Tuesday, June 21, 2011

Wisconsin is trying to run away from quality education

By Tom Beebe
Executive Director, Wisconsin Alliance for Excellent Schools

Racine public schools have 21,000 students and a poverty rate of almost 60 percent. The economic slowdown has not treated this Wisconsin community kindly, as the school board just passed an interim budget that both raises taxes and cuts spending on kids

That’s sad, because we know what Racine and other communities across the country need to do for young people: Put highly effective teachers in front of kids who have access to challenging classes and quality resources, and we need to start their education early.

Instead, over the last two decades, hundreds of millions of dollars of opportunities have been stripped away and now a statewide budget has been approved that will cut children’s chances to learn by another $1.6 billion.

Racine school board members say enough is enough. No state budget should be balanced on the backs of kids. Left with no way out, board members are talking about suing the state to make sure Racine’s young people have the opportunities they need to learn.

The devastation to Wisconsin’s once proud public school system is breathtaking.

On top of past cuts, this Legislature eliminated Advanced Placement grants and school nurses; pared back school breakfasts, bilingual services, and aid to small schools; decreased the state’s share of the cost of special education and poverty services; slashed general aid by about $800 million; and told local school districts they couldn’t spend their own money to make up the difference.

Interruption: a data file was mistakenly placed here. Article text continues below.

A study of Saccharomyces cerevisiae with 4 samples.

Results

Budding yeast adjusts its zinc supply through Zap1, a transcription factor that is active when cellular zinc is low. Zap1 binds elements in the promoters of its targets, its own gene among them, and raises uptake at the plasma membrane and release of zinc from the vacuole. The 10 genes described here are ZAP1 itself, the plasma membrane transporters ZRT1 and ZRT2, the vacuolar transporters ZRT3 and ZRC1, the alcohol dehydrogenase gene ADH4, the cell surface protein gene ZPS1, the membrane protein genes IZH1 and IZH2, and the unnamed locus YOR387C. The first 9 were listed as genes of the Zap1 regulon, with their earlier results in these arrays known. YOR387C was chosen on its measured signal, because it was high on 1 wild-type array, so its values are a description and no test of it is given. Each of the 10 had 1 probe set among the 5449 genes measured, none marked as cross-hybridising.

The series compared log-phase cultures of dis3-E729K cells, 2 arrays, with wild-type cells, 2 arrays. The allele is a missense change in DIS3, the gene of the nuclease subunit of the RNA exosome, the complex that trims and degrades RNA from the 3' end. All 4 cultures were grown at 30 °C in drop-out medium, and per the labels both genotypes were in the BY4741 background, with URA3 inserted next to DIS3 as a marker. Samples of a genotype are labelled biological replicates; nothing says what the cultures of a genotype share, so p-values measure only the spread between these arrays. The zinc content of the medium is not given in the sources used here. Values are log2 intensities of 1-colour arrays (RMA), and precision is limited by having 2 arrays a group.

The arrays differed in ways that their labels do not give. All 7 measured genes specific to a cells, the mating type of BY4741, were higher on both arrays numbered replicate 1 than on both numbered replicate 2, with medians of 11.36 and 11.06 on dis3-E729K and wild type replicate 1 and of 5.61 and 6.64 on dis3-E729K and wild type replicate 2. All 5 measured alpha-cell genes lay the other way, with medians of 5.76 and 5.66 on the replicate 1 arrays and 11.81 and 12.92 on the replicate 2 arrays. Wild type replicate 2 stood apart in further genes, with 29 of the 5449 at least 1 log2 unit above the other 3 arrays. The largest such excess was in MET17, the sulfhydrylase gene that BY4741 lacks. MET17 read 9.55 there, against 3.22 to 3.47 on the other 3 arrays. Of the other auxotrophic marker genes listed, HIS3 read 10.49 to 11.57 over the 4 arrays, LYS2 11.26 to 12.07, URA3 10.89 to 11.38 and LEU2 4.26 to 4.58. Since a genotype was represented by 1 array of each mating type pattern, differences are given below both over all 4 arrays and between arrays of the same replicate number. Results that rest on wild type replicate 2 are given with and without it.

Silly? Absolutely. Wisconsin is running as fast and as far as possible away from what we all know is right for our kids, their schools, and our communities.

The budget described above isn’t even in effect yet. All this pain, not just in Racine but around the state, is from past mistakes:
  • The Mosinee School District says its elementary Spanish program and unique outdoor science classes are “very good” but will have to be cut anyway.
  • The Phillips School District recently met its budget goal by slashing $662,800, including eliminating a late bus and reducing classroom supplies, and extra-curricular activities. Then, the district learned that the state's new budget means the board will have to come up with an additional $440,000 in cuts. 
  • Rufus King High School is a star in Milwaukee Public Schools. Yet at the very time we want better educated graduates the funding system reduces our investment in quality education. According to The King’s Page, the school lost in French, business, and English; the amount of materials for students and teachers was slashed; photography was cut; and the music and art departments cut back.
If Wisconsin is going to get out of the mess it is in, every child in the state needs opportunities to learn that will give them a chance to succeed, boost the economy, and contribute to society.

We are getting the opposite. Over the past two decades, state government—on both sides of the aisle—has taken away hundreds of millions of dollars of effective teachers, quality pre-schools, challenging curriculum, and equitable educational resources.

Now we have a Governor and a Legislature that has gone even further by suggesting that if we just take away another $1.6 billion of opportunities to learn children will be better educated.

As illogical as that is, they have also said that giving some of those public tax dollars to even more private schools for vouchers is better. Even if that worked (and the data questions that), it helps only a few children in Wisconsin. Furthermore, according to a recently filed claim, these policies discriminate against children with special needs

"It really isn't choice," said Miles Turner, executive director of the Wisconsin Association of School District Administrators. "It is an attack on public education. …. This is the first step in disassembling public education and sending everyone to their own school based on their individual religious and social philosophy.”

Stunning, isn’t it? Everything we know to be true—based on research, experience, and common sense—has been cast aside. When we should move toward the future, we run headlong into the past and call it progress.